Friday, March 21, 2003
Board of health still debating nature of animal regs
The Carlisle Board of Health expected another standing-room-only meeting to discuss proposed animal management regulations, but the crowd that assembled at Town Hall was smaller than usual, perhaps because of the snow storm. Although the board is now on its eighteenth draft of the proposed regulations, there is still little consensus between board members on what needs to be regulated and how detailed the bylaws need to be.
The board had invited Paul Sellow of Carlisle to share his expertise of compost and manure management. Sellow is an executive vice president of Synagro Inc., an agra-business which deals with large farms in solid bio-management (manure). Though he doesn't personally own a horse, or even a dog or cat, Sellow said that he has 22 years experience in agriculture and grew up on a family farm in Connecticut. He has read draft 17 of the BOH animal management document and has followed the debates in the Mosquito.
Sellow sees nutrient management and odor as the principal issue. He does not believe that pathogens are a problem. Sellow feels that Carlisle doesn't have the volume of animals to pose any significant manure problems. One farm that he controls in California has a one-acre lagoon filled with liquid cow manure. With proper liming this property is controlled without any public health issues.
Horse manure is much dryer and has a higher carbon content than cow manure. It contains mostly nitrogen and phosphorous which are nutrients that can be added back to the soil. One horse, Sellow estimates, can produce 100 pounds of nitrogen which would be mineralized over three years. An acre of grass could use 200 pounds in one year.
Composting is a great method of processing manure. It takes a volume of five to ten cubic yards to effectively compost. During this process some nitrogen is used and 80% of the volume is lost. Composting small piles is inefficient because too many truck loads are required to haul it away. Horse manure, with bedding of either shavings or hay, will compost fine. Sellow says that he vacuums all his leaves every fall and composts them.
Tricia Smith felt that the animal management document was trying to micro-manage animal owners and would encounter numerous enforcement problems.
John Lee quipped that horses ought to be encouraged as they cost the town less than children.
Jackie Hamilton said that it was not just the setbacks but the board should look at what has worked for the town. Everybody has a different situation. Hamilton, a former animal officer, felt that there were very few problems in the 25 years she had lived in Carlisle.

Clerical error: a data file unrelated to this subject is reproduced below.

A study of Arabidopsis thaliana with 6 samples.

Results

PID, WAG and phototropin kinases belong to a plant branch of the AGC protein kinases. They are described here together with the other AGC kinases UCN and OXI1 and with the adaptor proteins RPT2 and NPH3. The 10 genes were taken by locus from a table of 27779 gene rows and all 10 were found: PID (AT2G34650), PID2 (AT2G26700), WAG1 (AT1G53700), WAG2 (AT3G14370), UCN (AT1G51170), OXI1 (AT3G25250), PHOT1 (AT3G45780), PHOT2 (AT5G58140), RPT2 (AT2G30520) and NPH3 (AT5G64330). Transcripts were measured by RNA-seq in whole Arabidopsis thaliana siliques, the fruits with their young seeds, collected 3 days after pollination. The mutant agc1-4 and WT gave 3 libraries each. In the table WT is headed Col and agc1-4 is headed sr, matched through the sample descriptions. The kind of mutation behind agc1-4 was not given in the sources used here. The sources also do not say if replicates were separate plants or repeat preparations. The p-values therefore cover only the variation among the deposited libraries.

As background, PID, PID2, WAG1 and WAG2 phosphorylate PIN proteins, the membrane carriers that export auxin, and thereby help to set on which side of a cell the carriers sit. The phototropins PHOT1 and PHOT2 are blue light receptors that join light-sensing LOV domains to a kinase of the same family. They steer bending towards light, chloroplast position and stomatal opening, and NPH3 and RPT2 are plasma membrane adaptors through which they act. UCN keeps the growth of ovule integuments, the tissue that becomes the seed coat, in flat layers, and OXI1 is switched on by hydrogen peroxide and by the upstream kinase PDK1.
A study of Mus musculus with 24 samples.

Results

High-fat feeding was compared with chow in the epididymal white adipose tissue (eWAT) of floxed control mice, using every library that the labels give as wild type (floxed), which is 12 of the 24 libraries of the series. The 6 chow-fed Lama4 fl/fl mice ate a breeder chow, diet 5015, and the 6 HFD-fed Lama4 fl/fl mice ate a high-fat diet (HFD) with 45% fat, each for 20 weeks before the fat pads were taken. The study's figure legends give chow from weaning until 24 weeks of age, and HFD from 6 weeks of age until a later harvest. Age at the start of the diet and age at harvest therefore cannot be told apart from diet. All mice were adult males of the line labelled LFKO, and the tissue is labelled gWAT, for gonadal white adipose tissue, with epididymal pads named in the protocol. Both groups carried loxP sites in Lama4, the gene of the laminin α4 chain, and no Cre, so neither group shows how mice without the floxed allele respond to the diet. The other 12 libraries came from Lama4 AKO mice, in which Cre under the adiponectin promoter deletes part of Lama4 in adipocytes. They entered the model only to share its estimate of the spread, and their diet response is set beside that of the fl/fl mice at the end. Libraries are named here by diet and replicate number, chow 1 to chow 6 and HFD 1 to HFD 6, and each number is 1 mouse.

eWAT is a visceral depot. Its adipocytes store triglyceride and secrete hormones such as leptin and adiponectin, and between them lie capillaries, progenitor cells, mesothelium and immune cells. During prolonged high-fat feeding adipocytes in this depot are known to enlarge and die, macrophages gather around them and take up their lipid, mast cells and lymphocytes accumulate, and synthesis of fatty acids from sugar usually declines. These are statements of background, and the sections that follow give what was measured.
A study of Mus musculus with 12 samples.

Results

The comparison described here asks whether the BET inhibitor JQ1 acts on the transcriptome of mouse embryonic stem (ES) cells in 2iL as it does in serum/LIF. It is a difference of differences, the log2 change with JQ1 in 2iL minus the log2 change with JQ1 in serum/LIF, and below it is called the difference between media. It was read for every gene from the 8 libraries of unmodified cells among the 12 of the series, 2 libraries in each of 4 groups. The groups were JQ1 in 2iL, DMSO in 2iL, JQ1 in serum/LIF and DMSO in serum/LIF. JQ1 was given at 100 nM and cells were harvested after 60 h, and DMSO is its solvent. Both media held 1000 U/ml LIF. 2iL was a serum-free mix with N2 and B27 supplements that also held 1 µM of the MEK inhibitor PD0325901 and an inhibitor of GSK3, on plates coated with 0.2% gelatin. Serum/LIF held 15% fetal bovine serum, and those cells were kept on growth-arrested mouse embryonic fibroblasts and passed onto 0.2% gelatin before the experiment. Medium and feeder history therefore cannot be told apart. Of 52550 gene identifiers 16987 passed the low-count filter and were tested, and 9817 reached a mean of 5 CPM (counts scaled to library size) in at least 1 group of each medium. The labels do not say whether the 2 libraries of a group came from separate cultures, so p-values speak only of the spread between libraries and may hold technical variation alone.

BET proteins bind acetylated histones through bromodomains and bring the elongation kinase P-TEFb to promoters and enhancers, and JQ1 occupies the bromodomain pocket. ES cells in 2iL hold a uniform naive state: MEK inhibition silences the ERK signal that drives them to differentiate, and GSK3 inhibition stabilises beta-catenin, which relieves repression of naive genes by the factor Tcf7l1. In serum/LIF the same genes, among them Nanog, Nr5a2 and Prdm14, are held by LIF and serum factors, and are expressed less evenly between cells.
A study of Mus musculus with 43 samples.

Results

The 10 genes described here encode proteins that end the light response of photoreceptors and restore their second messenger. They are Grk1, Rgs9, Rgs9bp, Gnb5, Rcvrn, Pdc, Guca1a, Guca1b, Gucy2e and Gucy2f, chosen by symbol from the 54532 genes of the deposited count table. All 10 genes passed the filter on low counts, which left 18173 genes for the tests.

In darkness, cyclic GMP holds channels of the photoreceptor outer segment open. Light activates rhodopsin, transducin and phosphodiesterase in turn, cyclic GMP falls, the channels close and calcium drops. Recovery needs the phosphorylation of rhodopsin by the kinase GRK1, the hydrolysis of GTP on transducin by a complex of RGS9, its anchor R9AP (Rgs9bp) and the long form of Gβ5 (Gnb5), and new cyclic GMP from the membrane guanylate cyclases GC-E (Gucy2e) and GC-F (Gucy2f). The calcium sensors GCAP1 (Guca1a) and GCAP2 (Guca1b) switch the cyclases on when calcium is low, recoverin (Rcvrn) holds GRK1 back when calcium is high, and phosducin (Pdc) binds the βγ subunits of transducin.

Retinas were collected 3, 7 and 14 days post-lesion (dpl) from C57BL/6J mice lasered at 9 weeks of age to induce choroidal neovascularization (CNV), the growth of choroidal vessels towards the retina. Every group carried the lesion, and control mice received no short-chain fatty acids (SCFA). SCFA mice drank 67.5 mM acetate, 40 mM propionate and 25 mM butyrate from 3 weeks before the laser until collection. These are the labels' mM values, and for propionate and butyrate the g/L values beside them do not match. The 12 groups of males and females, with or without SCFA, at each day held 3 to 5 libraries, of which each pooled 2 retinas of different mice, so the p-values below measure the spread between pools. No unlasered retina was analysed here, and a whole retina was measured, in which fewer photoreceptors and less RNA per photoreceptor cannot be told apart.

Sally Lakness, who inspects horses and barns without pay, explained her method of operation. Lakness often conducts inspections without first notifying the owner. She sometimes does this by driving by and if she sees a neat barn with a few horses outside, that's fine. Lakness would find her job much more difficult if she had to measure setbacks and carry property plans. Though she has latex gloves and disposable boots, she makes a point of never touching the animals as some horse infections can be very contagious.
· Lisa Davis Lewis: "The state wishes the BOH to license, and license means regulations. We are not necessarily wed to those regulations, but need them as guidelines. There are three areas:
1. Manure management. Maybe we need a specific document for manure management.
2. Inspections. We are now doing inspections for free by Sally Lakness, but we may need a more professional approach where that person works within a set of BOH guidelines.
3. Setbacks. There is no consensus here as to what is needed. Part of the setback rules is for public health reasons and part is for the nuisance."
· Martha Bedrosian: "There is no hidden issue. I have a personal concern that I want [manure] to be away from wells which is why we are on draft 18." She is worried about some dangerous pathogens that may be present in manure piles.
· Steve Opolski: "Many people have commented privately or in the Mosquito letters. Former board of health member Jim Slattery used to comment that, in his experience in working for the state, the worst regulations were created in anticipation of a problem. That's been my decision making for six years. If it's not broken, don't fix it.
"If the state had not required the town to license animals when it became more than 5,000 in population would we be here? Not likely. Do we have a problem? Any hint that there is a problem?"
The board of health had received four documents from residents Melissa Webster, Tricia Smith and Wayne Davis which deal with animal care, manure management and dispute resolution. While the board took questions from the audience, no action taken on any of the documents. Davis Lewis explained that she wanted more time to study the documents and that the board should consider a step backwards from the regulations draft 18.